Last week, the New York Times published a widely discussed article updating an argument that progressive bloggers noticed a very long time ago. It’s now well-understood that blue states generally export money to the federal government; and red states generally import it. [..]
But the NYT story and that map up there prove beyond arguing that the conservative interpretation of events is 100 percent, 180-degrees, flat-out wrong. America’s real producer class is overwhelmingly concentrated in the blue cities and states — the regions full of smart, talented people who’ve harnessed technology and intellect to money, and made these regions the best, most forward-looking places in the country to live.
This is true, indisputable, and has been proven time and time again. But it’s actually worse than just hypocrcisy over welfare-like addiction to federal government handouts:
Certainly the heartland has no claim to superiority when it comes to family values. If anything, the red states do a bit worse than the blue states when you look at indicators of individual responsibility and commitment to family. Children in red states are more likely to be born to teenagers or unmarried mothers — in 1999, 33.7 percent of babies in red states were born out of wedlock, versus 32.5 percent in blue states. National divorce statistics are spotty, but per capita there were 60 percent more divorces in Montana than in New Jersey.
And the red states have special trouble with the Sixth Commandment: the murder rate was 7.4 per 100,000 inhabitants in the red states, compared with 6.1 in the blue states, and 4.1 in New Jersey.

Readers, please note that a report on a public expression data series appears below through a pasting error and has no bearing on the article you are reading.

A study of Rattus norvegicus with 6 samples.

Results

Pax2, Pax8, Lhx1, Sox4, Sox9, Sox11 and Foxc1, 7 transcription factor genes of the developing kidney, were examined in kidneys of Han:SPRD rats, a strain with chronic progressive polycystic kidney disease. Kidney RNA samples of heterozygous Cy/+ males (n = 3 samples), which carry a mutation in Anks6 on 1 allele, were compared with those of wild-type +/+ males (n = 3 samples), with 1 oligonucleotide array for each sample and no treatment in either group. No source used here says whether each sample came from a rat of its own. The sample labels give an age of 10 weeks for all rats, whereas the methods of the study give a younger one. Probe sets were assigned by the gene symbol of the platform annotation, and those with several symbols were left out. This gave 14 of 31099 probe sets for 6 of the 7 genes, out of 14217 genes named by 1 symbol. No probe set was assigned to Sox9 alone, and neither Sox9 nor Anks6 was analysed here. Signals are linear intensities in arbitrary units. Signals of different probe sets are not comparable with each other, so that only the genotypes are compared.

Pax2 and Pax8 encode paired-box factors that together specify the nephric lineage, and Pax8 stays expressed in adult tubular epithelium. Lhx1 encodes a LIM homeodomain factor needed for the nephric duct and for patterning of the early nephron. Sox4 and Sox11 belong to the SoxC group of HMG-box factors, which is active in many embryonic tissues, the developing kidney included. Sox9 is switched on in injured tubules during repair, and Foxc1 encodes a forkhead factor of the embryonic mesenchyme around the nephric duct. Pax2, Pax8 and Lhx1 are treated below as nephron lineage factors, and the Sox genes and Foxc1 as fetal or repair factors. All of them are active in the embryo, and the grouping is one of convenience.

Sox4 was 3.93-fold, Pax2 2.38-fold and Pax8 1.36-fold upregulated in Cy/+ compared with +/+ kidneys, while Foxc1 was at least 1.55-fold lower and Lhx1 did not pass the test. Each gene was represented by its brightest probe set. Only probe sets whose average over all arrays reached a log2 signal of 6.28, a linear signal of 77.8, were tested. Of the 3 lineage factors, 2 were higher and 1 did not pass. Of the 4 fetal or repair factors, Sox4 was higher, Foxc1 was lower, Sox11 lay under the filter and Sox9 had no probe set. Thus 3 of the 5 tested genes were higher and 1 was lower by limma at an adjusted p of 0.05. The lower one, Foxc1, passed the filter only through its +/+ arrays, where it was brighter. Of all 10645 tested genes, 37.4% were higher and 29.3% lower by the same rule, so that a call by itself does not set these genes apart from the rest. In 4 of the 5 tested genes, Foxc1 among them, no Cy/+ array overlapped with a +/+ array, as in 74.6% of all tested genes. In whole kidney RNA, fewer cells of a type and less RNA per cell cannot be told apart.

Not only do “red” states take more handouts from the federal government than they pay back in taxes, they are closer to the redneck stereotype end of the social scale with more sin, not less.
I can’t speak to social issues, but the handout issue probably has a lot do with conservative states tending to be large and lightly populated. It’s easier to provide many services to a city, even a massive one, than many rural communities spread out over long distances. So there’s nothing wrong with these red states being consumers while the blue states are the main providers to the economy and our society. That’s why we have a federal government that can reach across state lines in the first place.
The problem is the disgusting hypocrisy we constantly here from “small government” conservatives that actually seem to hate the federal government and actually believe that they aren’t the problem. It’s always somebody else. As usual, if you hear a conservative complaining about something, you can safely assume most of the time that it’s just projection.